We analyzed the feedback and experiences you shared, and developed six recommendations for improving the disability benefit application process.
1. Increase awareness and promote the benefits of My VAC Account to apply online
Given how many respondents indicated that they applied on paper (29%) and that half of them did so because they weren’t aware of the online option, this tells us that we need to: increase awareness of My VAC Account for online applications; and promote the benefits of applying online (e.g. guided applications, status tracking, secure messaging).
2. Train and collaborate with those who assist Veterans in filling out applications
Given how many respondents indicated challenges with applying and the percentage who sought help in doing so, we see an opportunity to train and collaborate with those who support applicants. Doing so should reduce the chances of submitting an incomplete application. We will be looking into ways such as information sessions for third party groups to better understand what is needed and how to help fill out an application.
3. Make the application steps clear, concise and easy to understand
Given the high percentages of respondents who were not confident that they had submitted a complete application (61%) and unclear on next steps (79%)—combined with the percentage who sought help in applying—this tells us that we need to do a much better job at making the application process clearer with better support material. One of the first steps that we will be taking is to consult on how to improve our online application in My VAC Account. We also plan to review our applications and communications material to ensure they meet applicants’ needs.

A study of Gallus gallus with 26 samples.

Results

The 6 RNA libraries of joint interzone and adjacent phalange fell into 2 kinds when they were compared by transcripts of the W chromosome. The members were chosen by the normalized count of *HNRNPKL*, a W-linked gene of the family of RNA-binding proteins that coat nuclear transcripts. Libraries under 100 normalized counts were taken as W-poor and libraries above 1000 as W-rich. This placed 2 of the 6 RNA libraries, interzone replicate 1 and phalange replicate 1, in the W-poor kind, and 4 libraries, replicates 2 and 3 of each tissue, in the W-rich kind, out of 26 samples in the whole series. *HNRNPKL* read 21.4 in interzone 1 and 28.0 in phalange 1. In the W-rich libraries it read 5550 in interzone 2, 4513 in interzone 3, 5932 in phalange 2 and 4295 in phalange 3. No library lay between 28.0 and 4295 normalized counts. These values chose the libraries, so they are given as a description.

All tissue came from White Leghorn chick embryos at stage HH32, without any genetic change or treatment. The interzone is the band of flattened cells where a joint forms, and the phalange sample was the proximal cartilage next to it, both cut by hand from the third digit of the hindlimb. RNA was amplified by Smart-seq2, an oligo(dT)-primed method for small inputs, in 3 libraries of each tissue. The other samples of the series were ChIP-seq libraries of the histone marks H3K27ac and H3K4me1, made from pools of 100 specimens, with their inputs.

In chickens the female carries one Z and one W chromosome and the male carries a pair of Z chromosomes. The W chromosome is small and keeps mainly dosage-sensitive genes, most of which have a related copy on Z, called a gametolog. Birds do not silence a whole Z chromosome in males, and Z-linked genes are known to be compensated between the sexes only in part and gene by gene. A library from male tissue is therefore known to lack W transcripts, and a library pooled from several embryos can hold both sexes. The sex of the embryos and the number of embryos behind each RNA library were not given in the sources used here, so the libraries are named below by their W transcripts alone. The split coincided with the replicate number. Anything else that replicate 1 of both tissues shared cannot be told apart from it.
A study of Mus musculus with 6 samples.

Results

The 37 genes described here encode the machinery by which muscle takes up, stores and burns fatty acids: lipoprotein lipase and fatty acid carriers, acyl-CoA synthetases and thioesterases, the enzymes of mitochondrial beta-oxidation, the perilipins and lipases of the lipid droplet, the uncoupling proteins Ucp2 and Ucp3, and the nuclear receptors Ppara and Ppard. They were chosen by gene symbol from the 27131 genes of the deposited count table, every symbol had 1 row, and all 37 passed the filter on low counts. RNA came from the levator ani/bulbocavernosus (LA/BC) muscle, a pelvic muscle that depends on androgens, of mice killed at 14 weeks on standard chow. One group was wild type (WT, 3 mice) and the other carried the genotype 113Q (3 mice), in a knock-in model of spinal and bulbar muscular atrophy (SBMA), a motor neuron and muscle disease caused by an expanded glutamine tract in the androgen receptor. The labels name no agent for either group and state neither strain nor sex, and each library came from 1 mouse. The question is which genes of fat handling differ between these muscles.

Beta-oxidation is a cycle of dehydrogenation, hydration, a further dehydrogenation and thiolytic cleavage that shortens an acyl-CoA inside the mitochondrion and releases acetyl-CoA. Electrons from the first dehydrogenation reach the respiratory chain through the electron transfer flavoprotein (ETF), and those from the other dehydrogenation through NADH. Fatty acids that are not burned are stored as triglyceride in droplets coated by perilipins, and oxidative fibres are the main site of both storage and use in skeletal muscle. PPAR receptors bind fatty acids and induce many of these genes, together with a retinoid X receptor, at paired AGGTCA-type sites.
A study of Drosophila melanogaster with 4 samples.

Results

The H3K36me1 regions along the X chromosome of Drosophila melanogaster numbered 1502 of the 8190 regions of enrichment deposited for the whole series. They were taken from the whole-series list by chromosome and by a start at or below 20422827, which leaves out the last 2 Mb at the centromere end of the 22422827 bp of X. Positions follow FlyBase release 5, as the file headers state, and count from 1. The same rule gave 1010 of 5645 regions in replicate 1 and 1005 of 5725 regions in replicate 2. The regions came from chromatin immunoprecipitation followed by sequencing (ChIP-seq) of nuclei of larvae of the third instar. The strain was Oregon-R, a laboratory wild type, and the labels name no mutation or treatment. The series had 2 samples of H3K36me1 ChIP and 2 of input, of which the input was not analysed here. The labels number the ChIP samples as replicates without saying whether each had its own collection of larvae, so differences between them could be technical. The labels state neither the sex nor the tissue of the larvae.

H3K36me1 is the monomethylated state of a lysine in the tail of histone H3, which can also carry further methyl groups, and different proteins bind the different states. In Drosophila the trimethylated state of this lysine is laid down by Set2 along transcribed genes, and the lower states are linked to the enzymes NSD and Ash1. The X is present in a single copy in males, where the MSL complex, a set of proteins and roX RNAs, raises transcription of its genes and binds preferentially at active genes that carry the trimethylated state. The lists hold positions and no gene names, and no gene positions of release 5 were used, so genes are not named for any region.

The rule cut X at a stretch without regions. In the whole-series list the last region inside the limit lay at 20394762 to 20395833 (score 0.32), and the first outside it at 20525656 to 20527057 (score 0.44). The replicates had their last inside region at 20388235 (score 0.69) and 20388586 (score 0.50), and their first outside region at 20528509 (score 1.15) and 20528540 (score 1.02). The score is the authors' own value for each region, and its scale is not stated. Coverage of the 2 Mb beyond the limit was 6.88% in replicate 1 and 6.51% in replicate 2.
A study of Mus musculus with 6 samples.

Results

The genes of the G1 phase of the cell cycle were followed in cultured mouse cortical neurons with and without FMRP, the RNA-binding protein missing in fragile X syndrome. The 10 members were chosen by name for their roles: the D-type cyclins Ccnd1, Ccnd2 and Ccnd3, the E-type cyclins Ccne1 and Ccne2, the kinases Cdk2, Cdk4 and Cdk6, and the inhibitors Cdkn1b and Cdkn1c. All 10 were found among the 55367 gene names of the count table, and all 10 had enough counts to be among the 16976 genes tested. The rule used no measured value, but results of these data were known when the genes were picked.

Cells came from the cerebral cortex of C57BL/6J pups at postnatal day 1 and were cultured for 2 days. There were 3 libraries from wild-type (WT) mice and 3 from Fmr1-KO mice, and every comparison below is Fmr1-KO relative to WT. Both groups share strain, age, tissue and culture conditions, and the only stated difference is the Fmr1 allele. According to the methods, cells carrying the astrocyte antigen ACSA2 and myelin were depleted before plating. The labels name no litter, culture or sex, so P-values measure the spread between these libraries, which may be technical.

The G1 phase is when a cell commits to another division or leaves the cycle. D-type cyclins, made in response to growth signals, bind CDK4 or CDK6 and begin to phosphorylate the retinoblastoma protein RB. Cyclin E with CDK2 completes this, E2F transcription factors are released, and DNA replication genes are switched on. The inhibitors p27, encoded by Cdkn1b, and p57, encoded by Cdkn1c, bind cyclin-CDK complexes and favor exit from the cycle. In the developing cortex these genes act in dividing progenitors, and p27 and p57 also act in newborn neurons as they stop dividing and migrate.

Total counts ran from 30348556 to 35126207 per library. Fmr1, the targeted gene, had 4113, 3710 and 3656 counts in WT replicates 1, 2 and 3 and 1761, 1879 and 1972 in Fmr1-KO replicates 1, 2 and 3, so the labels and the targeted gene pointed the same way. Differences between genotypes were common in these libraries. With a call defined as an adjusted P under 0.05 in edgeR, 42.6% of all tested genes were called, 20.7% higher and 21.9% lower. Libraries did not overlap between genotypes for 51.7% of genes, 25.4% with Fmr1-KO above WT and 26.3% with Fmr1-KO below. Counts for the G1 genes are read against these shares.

4. Build a more comprehensive tool to track application status by breaking down the progress into more detailed steps
When we asked what applicants found the most frustrating, not knowing the status of the application was a major concern. These results are consistent with stakeholder feedback that a better status tracking tool is very important to improving the process. The consensus has been that current tools do not offer enough consistent information about the status of an application. A more comprehensive version of the tool is expected to be released in 2022. It will provide more detail on the status of an application, as well as indicate any pieces that may be missing so that information can be provided more quickly to move the application toward a decision.
5. Confirm that an application is complete earlier
Given that the majority (60%) of respondents were not satisfied with how long it took us to contact them, and the significant difference between how long it took us to contact them vs. how long they thought it should take, this tells us we need to more quickly assess applications for completeness. We need to do this so that if an application isn’t complete, we can let the applicant know sooner. We have made significant progress on this front since the consultation. The improved status tracking will also better show the movement of applications and if anything is required to make it complete for adjudication.
6. Make the process more digital
This recommendation relates to the percentage of respondents (35%) who told us that accessing medical diagnosis/documentation was difficult and frustrating, combined with the open text feedback indicating that improving how medical information is obtained was a top concern.
Improving how medical information is shared among several different areas can improve processing times. We are focusing on the aspects within our control. We are currently developing a new tool for health professionals to improve how they submit documents that are key to a decision being made.
We have also implemented a Service Health Records Search Tool for Hearing Loss and Tinnitus that is reducing the time needed to find information to make a decision.